With the interest rate cap of 18 percent in full force for all new and restructured microfinance loans after the National Bank of Cambodia (NBC) issued a populist measure to curb high interest rates, microfinance institutions (MFIs) are starting to give predictions for lower profits this year as the new lending reality takes hold.
The interest rate cap that came allegedly on the orders of Prime Minister Hun Sen himself and was hastily announced last month, requires MFIs to not lend above 18 percent as of April 1. While many in the sector warned of imminent collapse within an industry that holds a combined loan portfolio of $3 billion with a total of 1.9 million clients as of the end of 2016, MFIs are now starting to fully reassess their profitability numbers.
Kea Boran, CEO of AMK, said that while the financial institution showed healthy profits last year, reaching $6.6 million, an increase from a little over $5 million in 2015, this year would prove difficult to hold on to similar growth rates as the company restructures to cope with the NBC directive.
“From my current estimation, our profits this year will be cut in half as we receive lower returns on our loans,” he said, adding that the company’s total outstanding loan portfolio at the end of March reached $150 million with a client base of 335,000.
While AMK has maintained a return of equity (ROE) at about 20 percent annually for the last two years, according to its financial reports, Boran said there was no doubt that 2017 would show marketable declines as uncertainty prevails.
Analysts have warned that MFIs like AMK and VisionFund that provide the majority of their loans at $1,000 or under, would be hit the hardest by the 18 percent cap.
An executive from VisionFund Cambodia, that wished to remain anonymous out of fear of negative company image, said that the microfinance deposit-taking institution (MDI) anticipated that net profits would decline up to 60 percent this year despite the company introducing broad cost-cutting measures. VisionFund Cambodia had a net profit of $3.4 million in 2016, with an ROE at 11.7 percent.
As smaller MFIs brace themselves for the seasonal pick-up in lending that typically begins in May and lasts until July when rural farmers take out smaller loans for the planting season, even the Kingdom’s larger financial institutions are seeking ways to remain upbeat.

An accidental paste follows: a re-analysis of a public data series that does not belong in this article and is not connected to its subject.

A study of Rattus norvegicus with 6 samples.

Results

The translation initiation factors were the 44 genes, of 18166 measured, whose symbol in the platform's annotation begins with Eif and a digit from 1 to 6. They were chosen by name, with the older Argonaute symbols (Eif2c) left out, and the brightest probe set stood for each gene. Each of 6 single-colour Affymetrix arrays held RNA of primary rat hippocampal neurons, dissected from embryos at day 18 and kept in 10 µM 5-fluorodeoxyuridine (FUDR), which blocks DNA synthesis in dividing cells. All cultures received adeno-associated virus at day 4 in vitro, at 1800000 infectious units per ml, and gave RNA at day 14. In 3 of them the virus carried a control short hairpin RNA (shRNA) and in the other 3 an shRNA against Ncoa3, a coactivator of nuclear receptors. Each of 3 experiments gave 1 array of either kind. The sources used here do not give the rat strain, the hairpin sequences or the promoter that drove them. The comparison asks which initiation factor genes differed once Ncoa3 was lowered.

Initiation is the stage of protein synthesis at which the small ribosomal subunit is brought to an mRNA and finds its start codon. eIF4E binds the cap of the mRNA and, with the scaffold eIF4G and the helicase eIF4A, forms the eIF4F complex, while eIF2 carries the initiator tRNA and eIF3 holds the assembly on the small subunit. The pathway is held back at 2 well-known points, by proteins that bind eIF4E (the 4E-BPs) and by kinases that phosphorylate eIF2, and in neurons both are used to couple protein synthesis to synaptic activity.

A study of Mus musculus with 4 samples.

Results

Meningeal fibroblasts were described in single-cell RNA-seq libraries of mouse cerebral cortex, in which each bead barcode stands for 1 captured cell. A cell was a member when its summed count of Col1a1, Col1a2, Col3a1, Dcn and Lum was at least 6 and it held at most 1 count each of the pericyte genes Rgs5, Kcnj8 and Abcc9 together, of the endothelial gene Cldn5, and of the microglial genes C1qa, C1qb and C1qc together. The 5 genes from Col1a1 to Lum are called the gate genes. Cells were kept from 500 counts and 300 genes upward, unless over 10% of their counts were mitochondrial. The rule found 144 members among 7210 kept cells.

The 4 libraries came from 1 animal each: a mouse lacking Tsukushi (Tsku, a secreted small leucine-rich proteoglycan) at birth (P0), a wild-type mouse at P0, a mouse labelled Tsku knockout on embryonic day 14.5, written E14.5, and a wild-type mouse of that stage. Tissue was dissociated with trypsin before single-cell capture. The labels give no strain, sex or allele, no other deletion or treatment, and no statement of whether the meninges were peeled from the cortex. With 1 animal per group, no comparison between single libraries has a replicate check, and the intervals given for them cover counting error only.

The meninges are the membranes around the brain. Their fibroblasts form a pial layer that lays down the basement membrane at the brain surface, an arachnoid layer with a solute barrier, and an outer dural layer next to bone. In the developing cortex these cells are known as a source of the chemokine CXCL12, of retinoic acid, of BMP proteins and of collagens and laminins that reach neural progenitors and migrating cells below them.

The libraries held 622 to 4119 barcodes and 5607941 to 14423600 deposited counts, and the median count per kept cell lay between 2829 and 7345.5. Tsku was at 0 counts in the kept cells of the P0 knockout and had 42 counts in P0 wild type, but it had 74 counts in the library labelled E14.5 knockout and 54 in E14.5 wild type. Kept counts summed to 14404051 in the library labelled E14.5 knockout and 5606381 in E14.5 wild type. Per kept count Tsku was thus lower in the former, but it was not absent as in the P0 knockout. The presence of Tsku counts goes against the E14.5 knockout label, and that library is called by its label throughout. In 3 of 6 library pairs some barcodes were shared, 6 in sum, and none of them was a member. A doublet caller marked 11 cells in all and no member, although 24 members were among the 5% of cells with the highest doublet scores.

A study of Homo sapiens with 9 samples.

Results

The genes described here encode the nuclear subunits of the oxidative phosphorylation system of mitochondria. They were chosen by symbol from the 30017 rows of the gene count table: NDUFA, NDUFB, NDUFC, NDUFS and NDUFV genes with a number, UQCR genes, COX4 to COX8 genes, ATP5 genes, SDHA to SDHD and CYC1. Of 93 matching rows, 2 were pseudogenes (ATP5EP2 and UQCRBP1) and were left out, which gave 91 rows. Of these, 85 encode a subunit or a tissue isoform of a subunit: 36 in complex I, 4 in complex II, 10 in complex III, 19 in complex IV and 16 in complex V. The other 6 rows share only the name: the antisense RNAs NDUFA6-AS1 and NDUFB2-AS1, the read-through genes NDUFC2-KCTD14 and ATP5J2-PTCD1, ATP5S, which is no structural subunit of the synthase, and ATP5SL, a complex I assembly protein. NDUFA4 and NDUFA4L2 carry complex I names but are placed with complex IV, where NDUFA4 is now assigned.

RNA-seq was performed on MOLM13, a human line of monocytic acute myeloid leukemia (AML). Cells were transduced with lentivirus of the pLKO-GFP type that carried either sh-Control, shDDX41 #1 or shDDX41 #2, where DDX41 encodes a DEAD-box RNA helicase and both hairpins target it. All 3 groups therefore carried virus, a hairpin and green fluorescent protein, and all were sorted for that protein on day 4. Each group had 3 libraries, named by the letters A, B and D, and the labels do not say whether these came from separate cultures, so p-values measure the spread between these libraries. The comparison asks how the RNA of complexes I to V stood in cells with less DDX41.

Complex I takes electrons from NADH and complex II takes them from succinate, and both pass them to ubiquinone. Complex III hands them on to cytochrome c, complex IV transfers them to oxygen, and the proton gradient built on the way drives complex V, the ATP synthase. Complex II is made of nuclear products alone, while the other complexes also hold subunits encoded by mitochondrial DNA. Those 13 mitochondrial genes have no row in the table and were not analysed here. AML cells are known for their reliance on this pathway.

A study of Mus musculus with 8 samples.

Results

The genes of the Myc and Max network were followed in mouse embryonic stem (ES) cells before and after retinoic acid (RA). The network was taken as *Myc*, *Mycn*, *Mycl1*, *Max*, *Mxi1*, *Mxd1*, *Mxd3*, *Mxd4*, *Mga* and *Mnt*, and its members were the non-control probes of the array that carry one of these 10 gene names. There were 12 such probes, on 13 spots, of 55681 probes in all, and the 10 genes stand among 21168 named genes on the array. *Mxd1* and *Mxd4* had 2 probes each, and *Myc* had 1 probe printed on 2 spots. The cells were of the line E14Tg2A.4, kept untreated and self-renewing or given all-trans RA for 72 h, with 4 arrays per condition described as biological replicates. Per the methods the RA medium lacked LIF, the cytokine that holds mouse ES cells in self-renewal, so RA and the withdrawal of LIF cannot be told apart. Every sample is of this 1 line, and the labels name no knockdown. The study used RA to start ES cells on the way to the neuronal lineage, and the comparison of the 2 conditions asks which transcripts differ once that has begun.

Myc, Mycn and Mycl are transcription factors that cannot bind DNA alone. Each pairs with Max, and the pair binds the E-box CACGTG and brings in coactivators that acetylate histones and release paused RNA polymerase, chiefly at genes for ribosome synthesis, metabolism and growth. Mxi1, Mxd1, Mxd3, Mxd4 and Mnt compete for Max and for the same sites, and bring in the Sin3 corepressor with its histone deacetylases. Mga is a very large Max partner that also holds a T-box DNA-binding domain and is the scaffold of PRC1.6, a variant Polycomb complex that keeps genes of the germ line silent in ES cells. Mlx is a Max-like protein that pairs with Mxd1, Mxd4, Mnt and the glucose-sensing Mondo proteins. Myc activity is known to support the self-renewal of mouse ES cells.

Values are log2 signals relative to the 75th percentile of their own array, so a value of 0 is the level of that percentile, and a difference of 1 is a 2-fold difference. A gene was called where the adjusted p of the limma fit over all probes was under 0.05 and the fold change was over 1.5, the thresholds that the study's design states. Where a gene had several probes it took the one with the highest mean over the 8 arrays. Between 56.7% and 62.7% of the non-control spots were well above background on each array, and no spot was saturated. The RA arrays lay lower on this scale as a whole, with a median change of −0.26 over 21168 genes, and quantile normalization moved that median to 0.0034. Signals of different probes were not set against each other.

Chea Phalarin, CEO of Amret Microfinance Institution, said that despite the MDI determined to remain profitable this year, its bottom line would suffer.
“I think that we will still have profits, but not the huge profits that we have had over the last three years,” he said, adding that he would not speculate on what 2017 has in store besides noting that there would be a “sizeable change in the numbers”.
“We have discussed with our shareholders and we think that [the interest rate cap] is not as serious of an issue for us as we already earn profits by lending at acceptable rates,” he said.
According to Amret’s 2016 financial report released yesterday, net profit reached $25.4 million, up 8 percent from $23.5 million in 2015. The report noted that the company had an outstanding loan portfolio of $557 million while holding $284 million in deposits.
Nevertheless, Phalarin added that despite strong performance the financial institution would cut operation costs and lower staff numbers while also adopting digital financial services, or fintech, in hopes of retaining high margins.
Stephen Higgins, managing partner of local investment firm Mekong Strategic Partners, said that while the interest rate cap would obviously have the largest impact on MFIs that handle small loan sizes, the Kingdom’s seven MDIs should remain profitable.
“For financial institutions that provide loans above $2,000, they will see little impact,” he said. “Loans below this amount, particularly those in riel, will see a significant impact, and MFIs are likely to pull back from lending to that part of the market.”